Images for this Episode:
Culinary Activities for this Episode:
• Recipe for Myma
The following is a recipe for a meat dish from the cookbook of Epaenetus. This dish is savory because of the meat and liver, spicy because of the cumin and coriander, sour because of the vinegar, sweet because of the raisins and honey, and aromatic because of the hyssop, thyme, and silphium.
A myma of any sacrificial animal, or chicken, is to be made by chopping the lean meat finely, mincing the liver and offal with the blood, and flavoring with vinegar, melted cheese, silphium, cumin, thyme leaf, thyme seed, Roman hyssop, coriander leaf, coriander seed, geteion (maybe a spring onion), peeled fried onion, raisins or honey, and the seeds of a sour pomegranate.
• Galenic Meal
Just as today, there is no way of knowing if the ancient Greeks followed their physicians’ instructions when it came to eating a healthy diet, but Galen of Pergamum’s writings became so popular—and dominated medical thought for 15 centuries following his death—that it is safe to assume that people knew a great deal about what was considered best to eat. While Galen doesn’t offer recipes, his comments about specific ingredients are so detailed that it is possible to reconstruct a healthy meal using the system of humoral physiology, or balancing the hot, cold, moist, and dry humors in a single dish.
Chickpeas, Galen notices, are made into soups in the country, sometimes using chickpea flour cooked with milk. He thinks that chickpeas are less prone to cause flatulence than other beans, are more nutritious, and even serve as an aphrodisiac, but there is also the skeleton of a recipe that he says is common among us. The following is a reconstructed recipe. The combination, apart from being delicious, fits into his definition of a healthy meal, as it does ours.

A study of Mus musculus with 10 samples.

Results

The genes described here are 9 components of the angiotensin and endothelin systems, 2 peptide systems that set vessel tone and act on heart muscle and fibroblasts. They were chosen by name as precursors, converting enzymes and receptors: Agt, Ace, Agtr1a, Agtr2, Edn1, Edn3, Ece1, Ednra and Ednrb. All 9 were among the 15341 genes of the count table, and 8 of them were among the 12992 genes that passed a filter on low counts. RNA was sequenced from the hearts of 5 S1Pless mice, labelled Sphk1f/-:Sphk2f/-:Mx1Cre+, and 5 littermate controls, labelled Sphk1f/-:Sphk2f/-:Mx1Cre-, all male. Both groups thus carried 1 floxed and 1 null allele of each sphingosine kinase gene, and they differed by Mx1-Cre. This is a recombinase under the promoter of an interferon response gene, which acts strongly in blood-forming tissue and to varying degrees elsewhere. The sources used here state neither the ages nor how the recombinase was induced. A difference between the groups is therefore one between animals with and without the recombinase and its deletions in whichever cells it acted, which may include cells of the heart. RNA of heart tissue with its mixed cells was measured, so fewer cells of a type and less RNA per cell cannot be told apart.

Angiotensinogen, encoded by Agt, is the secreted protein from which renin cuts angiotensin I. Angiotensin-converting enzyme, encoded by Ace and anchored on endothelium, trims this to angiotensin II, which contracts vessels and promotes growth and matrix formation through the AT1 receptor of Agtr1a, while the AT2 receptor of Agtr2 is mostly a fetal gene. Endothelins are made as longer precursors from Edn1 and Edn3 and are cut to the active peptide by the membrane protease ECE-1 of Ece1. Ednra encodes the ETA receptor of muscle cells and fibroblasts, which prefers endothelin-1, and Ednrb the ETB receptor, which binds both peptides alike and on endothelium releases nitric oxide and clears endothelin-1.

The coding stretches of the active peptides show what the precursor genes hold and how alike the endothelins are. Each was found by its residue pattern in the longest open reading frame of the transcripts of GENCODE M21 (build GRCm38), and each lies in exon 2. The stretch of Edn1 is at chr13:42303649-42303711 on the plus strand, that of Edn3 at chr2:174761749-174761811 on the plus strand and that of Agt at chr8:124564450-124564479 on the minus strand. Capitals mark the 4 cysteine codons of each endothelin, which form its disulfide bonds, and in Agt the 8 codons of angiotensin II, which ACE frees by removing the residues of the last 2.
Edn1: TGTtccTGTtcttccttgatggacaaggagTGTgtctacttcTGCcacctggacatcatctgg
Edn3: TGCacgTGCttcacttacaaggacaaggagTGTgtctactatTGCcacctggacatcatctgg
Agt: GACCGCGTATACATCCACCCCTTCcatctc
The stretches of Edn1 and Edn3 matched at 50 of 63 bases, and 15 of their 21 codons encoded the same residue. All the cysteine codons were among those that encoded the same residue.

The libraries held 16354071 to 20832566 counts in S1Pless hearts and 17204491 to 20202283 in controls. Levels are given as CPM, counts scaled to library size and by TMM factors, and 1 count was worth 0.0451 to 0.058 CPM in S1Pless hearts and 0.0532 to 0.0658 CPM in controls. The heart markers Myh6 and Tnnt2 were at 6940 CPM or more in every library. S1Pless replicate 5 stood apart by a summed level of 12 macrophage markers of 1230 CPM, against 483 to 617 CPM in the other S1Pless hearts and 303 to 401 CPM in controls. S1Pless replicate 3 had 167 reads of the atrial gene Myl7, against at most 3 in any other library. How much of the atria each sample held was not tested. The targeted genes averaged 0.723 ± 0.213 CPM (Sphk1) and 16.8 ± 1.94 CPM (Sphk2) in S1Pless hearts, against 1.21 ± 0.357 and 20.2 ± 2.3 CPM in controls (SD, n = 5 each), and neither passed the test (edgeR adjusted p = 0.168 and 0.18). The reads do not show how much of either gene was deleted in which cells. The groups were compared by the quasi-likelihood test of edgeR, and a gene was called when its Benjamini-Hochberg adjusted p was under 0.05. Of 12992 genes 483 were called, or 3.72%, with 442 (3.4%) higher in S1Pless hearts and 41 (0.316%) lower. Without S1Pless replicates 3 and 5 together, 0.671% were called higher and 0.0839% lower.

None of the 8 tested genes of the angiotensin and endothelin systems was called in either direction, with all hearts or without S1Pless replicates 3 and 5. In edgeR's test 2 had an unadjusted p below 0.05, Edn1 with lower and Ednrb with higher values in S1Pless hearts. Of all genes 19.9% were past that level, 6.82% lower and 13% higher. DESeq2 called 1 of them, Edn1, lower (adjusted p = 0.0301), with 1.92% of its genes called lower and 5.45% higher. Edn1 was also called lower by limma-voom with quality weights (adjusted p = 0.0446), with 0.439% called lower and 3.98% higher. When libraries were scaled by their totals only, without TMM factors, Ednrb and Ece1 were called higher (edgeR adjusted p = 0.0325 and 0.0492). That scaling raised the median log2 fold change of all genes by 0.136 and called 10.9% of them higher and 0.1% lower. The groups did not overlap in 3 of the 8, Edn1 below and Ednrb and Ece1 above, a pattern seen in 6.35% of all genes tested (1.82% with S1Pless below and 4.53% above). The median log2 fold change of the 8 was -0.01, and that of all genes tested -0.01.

Take two cups of chickpeas, and soak them overnight. Then, simmer gently in fresh water for about an hour. When the chickpeas begin to get tender, add a teaspoon of salt, a dash of olive oil, and some oregano. Continue cooking until completely cooked through. Then, take a dry cheese, such as Greek kefalotiri or kashkaval, and pound it or process it finely until it resembles flour. Sprinkle this on the chickpeas and serve. Feta cheese crumbled on top of the chickpeas is also very good, and because Galen doesn’t specify the type of cheese, feel free to use what you like best.
• When to Eat Peaches
Peaches were first imported to the West in antiquity—hence the name persika, meaning that they come from Persia, but they are actually from the Far East. Galen warns us, despite the lovely taste, that the juice and flesh of peaches easily corrupts and, therefore, should not be eaten at the end of the meal because the peaches float on the surface of the stomach, where they corrupt. However, before a meal, they serve as a lubricant, helping other foods down the digestive tract. As an experiment, try eating peaches at the end of a meal and then, next time, at the start. Is there any difference? Were you psychosomatically influenced by Galen’s suggestion, or is his model of digestion completely outdated?
Galen, Galen: On the Properties of Food.